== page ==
In Haiti, the Challenge for Employed People is Getting to Work Without Being Killed

haiti protest gang A woman shouts anti-government slogans during a protest organized by friends and relatives of Biana Velizaire, who was kidnapped and held for several days by gang members, in Port-au-Prince, Haiti, Monday, Sept. 27, 2021. Haitian police on Monday launched a special operation in response to the recent surge of kidnappings conducted by gangs. (AP Photo/Rodrigo Abd)
HaitianGangs2022.jpeg
Matias Delacroix AP
Gangs like this one led by former cop Jimmy “Barbecue” Cherizier control much of Haiti today.

 

But because of those powerful gangs, which have proliferated in the chaos following President Jovenel Moïse’s assassination last year, many business owners are finding that running their companies — and keeping employees safe — have become terrifying exercises.


Consider: the national police academy sits in a part of Port-au-Prince where a gang called Kraze Baryè — Creole for “breaking down gates” — is now the de facto ruling authority. To prove it, late last month the gang murdered the police academy’s director, Harington Rigaud, just outside its walls, shooting him in the head.

Not far from there, a Haitian business owner we’ll call Jean — he asked us not to use his real name for security reasons — employs about 200 people in a service company. These days Jean has to do more than oversee their work. He also has to help them get to work without getting killed.

They see people getting robbed by gunpoint, y’know, some actually see dead bodies lying in the street

Port-au-Prince business owner Jean, on his employees’ journeys to work

“It’s very difficult to keep them from being discouraged,” he told WLRN by phone from Port-au-Prince. “It’s… it’s insane.”

Many if not most of Jean’s employees live in neighborhoods that are under the brutal occupation of heavily armed gangs like Kraze Baryè. Their chronic, brazen and often ghastly violence — murders, rapes, kidnappings and food and fuel hijackings — has all but paralyzed Haiti’s society and especially its economy.

“People who’ve been doing business in Haiti for years mention they never saw it this bad,” said Jean. “This is probably the worst it’s ever been.”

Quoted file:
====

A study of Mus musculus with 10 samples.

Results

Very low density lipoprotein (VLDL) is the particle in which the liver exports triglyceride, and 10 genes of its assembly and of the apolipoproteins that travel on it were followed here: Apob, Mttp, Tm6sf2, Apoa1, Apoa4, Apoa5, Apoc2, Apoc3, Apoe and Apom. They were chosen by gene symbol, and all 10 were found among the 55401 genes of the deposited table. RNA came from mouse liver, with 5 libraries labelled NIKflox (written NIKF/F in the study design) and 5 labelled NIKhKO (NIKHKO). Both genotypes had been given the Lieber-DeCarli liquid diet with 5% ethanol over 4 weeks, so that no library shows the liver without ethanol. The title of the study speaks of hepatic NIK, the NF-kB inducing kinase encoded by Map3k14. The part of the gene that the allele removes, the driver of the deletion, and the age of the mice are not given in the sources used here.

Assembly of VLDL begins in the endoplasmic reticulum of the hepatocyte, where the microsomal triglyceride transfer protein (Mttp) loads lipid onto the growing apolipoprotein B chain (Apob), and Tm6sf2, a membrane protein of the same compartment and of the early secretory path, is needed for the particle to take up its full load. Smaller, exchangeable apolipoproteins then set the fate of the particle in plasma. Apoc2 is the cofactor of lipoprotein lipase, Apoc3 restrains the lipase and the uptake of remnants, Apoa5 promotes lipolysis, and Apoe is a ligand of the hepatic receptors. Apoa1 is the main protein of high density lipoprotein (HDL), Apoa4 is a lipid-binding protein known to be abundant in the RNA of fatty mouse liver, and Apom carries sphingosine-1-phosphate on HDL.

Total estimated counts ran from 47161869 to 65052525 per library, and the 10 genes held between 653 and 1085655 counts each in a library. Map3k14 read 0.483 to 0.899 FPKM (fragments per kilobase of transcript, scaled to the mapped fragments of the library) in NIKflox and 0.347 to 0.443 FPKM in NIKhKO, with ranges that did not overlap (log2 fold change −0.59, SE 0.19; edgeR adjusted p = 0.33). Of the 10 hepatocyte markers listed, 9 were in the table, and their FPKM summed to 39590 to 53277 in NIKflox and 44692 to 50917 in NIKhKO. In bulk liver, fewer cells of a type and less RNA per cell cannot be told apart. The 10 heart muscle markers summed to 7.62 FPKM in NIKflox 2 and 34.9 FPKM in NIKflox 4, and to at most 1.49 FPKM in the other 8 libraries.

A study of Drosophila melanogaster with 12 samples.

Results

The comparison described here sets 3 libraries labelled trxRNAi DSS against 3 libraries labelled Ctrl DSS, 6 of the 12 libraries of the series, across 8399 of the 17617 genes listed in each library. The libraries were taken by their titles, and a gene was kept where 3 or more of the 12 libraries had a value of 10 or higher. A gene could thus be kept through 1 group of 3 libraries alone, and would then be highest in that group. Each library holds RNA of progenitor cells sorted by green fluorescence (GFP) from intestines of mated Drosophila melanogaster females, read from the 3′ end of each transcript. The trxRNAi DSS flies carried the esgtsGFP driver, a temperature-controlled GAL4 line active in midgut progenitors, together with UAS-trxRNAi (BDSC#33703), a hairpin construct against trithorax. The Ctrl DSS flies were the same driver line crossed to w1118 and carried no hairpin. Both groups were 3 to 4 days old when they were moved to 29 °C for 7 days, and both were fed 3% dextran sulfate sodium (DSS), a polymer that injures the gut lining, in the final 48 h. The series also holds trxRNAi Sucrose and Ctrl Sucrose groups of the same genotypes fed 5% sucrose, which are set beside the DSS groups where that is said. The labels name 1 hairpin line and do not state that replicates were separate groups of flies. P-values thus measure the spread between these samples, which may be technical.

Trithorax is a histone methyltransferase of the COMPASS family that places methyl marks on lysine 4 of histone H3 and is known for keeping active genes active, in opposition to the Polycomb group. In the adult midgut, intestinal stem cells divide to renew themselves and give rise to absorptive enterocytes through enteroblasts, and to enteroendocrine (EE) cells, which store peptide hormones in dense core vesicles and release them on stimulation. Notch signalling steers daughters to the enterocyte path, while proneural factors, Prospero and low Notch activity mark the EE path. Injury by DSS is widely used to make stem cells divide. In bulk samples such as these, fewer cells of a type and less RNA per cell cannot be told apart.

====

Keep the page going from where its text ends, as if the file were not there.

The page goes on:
But Jean points out people still have to live — or leave. Almost all of his employees have so far chosen to stay in Haiti. So he’s contrived ways to help them survive gang rule, like using police intelligence he gets to keep them aware of what streets on their way to work are seeing gang violence or political unrest.

“We actually have a WhatsApp group where we communicate,” he said. “So we’ll know ahead of time and just start organizing things.”

Haiti United Nations
Rodrigo Abd/AP
G9 coalition gang members ride a motorcycle through the Wharf Jeremy street market in Port-au-Prince, Haiti, Oct. 6, 2021.

For now, Jean says it’s working. None of them have been robbed, abducted or worse. Still, on many days they can’t avoid at least seeing the terror as they navigate even a safe route.

“They see people getting robbed by gunpoint, y’know, some actually see dead bodies lying in the street,” Jean said.

“That stuff is traumatizing; it really does damage to the psychology on a day-in-day-out basis and still have to work through it.”

And when it looks too dangerous for them to go back home at night, Jean makes arrangements for them to live at the worksite for as long as needed.

“Have the food lockers put together, have the mattresses put together.” he said. “These are the things you just have to prepare for.”

And Jean adds he’s prepared for Haiti’s situation to get worse before it gets better.

U.S. offers rewards in pursuit of arrests

Business owners point to the fact that Kraze Baryè’s leader, Vitel’homme Innocent, is one of three Haitian gang bosses charged in the U.S. last month for crimes including the kidnapping of U.S. missionaries in Haiti last year.

The State Department, meanwhile, is offering rewards of $1 million each for information leading to their arrests. Even so, gang lords like Innocent still appear to roam and operate freely in Haiti as their groups expand into territories in the country’s interior.

The U.N. also recently sanctioned Haitian gang leaders and some of their alleged patrons inside Haiti’s political and business elite.

Jean agrees that Haitian business owners now tend to support some sort of U.S. and international police or military intervention to restore public security in Haiti. But he also says most of his employees, like many if not most Haitians, are wary of or oppose it because similar interventions in the country’s past have often exacerbated rather than resolved crises like these.